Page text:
Turn-off and Tackling Ticks

Tim and Megan Allen of ‘Argyle’, Mundubbera have been successfully running Angus cross cattle for more than 20 years.

Their operation encompasses a breeding enterprise of approximately 1,300 breeders, run over three properties – “Cheltenham”, “Narayen” and “Williwin”, and a backgrounding and fattening enterprise on “Argyle”, under 300 acres of irrigation.

Originally running a Brahman breeder herd, the Allens decided that they needed to cross-breed and trialled several breeds. However, they found that when they were finishing cattle on the irrigation that the Angus cross steers were outperforming their peers.

“We noticed that the other crosses got left behind – the Angus were sold before anything else, they were maturing earlier and they had fat coverage” Tim explained, “they were meeting the criteria of what the market was demanding at that stage”.

From this basis, Tim and Megan’s herd of 1,300 breeders is now approximately 70% Angus cross cows and has seen a shift from producing bullocks to now targeting a mixture of the feeder market and the domestic grass-fed market – with the majority of each year’s steer progeny being turned off before 18 months of age.

Joining over a five-month period (October to March), the breeder herd is self-replacing, with heifers first joined at 18 months old. Replacement heifers are selected on temperament, udder structure, balanced confirmation and moderate frame.

“We are to the point now where we are selecting lovely soft heifers. They are a little slicker than their pure Angus counterparts due to the Brahman influence, but it seems to be working, they are certainly performing” says Megan.

On the back of what the Allens describe as a pretty bad season, pregnancy test results for 2020 were 89%. Empty heifers and cows are culled while re-breeders (second calf heifers) – pregnancy testing in calf at 70% on average – are given some leniency depending on the season and need for breeder numbers.

Nutritional management has proved vital to maintaining the high PTIC and calving rates Tim and Megan are achieving in their breeding herd. As a result, the Allens feed a protein and phosphorus lick pre-calving and have worked on establishing legumes such as fine stemmed Stylo, Cassia and Secca in pasture.

The breeding herds are run as mixed age herds for a number of reasons, including mitigating dingo risk. As a result, birthing ease is a priority for the Allens – catering for maiden heifers and cows, alike. As such, low birth weight EBVs are prioritised in bull selection, second only to temperament. High 200-day growth weight EBVs and structural soundness are also considered critical while larger eye muscle area and positive rib and rump fat EBVs are also sought after.

Come weaning (June), all calves are weaned from “Cheltenham”, “Narayen” and “Williwin” to “Argyle”, where 300 of 3,000 acres are under centre pivots, irrigating a high protein, winter dominant mix of rye grass and clover. The replacement heifers reach a top of 450kg at 16 months and are trucked back to the breeder herds to acclimatise and be joined in October. Meanwhile their cull counterparts are taken through to supply the Coles Graze program at around 2 years of age.

Steers are backgrounded to sell directly into the heavy feeder market. Majority reach 400-500kg and the age of 18 months while those who overshoot the grid end up destined for the abattoir. Tim and Megan are EU and MSA accredited and are suppliers to both the Coles Graze and Teys Grasslands programs.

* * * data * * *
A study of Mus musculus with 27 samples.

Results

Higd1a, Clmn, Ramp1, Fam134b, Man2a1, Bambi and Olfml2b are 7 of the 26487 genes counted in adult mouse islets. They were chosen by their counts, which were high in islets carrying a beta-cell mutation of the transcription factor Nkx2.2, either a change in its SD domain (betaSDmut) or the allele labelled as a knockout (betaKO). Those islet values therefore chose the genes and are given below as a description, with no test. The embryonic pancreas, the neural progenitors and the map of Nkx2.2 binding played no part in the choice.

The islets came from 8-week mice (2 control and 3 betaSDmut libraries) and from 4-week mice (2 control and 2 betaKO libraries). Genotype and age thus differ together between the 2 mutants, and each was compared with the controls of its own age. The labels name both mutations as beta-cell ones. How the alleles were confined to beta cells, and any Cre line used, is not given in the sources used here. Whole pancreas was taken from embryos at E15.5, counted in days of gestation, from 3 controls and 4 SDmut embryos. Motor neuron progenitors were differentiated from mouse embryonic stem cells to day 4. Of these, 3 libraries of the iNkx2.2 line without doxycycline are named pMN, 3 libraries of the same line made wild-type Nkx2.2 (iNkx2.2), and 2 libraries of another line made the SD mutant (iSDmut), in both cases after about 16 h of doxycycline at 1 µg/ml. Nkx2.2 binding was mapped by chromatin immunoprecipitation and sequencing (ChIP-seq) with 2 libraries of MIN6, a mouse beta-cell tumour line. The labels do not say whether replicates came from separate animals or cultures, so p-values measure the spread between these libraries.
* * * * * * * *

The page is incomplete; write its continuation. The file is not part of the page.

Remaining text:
“This variety of accreditations has made it very easy marketing weaner steers down south, should the need or opportunity arise. People ask me ‘Why Angus?’ and I say ‘cause I can sell them’” says Tim.

“The market options with Angus have given us the ability to sell into any market because they are a desired item” adds Megan, “you can go sell them as stores, you can sell finished cattle – we have a variety of options, we can choose our markets and what direction we want to take them”.

In terms of challenges, controlling the tick burden in a relatively high Angus content herd in the tick zone certainly comes to mind but Megan and Tim all but dismiss the idea.

“Parasites cost you money, they will knock the weight off your cattle and cost you production and we are all about trying to get cattle as heavy as we can, as quickly as we can for sale. If you let the tick burden get away from you it costs you a lot of money and we can’t afford that. It is just a matter of keeping them clean and maintaining your tick regime, regardless of breed” says Tim.

Using a combination of dipping, chemical treatment, blooding and burning on some properties the Allens aim to give their cattle protection from tick fever while eroding the overall tick burden.

Overall, the marketing options that utilising an Angus cross provides has been very much realised by Tim and Megan, with the combination of breeding and backgrounding/finishing under irrigation well suited to capturing a number of target markets. Tim feels that by producing a desirable article that the market wants, it has made their enterprise more profitable.

“Don’t go out to the market and say I am going to produce these cattle because that’s what I like – go and see what sells, and then breed a good article because you will be more profitable” says Tim.

Angus Australia acknowledges the funds provided by the Australian Government through the Meat & Livestock Australia Donor Company (MDC).  

This resource was created as a result of a collaboration between Angus Australia and Meat & Livestock Australia Donor Company (MDC) (Project P.PSH.1063).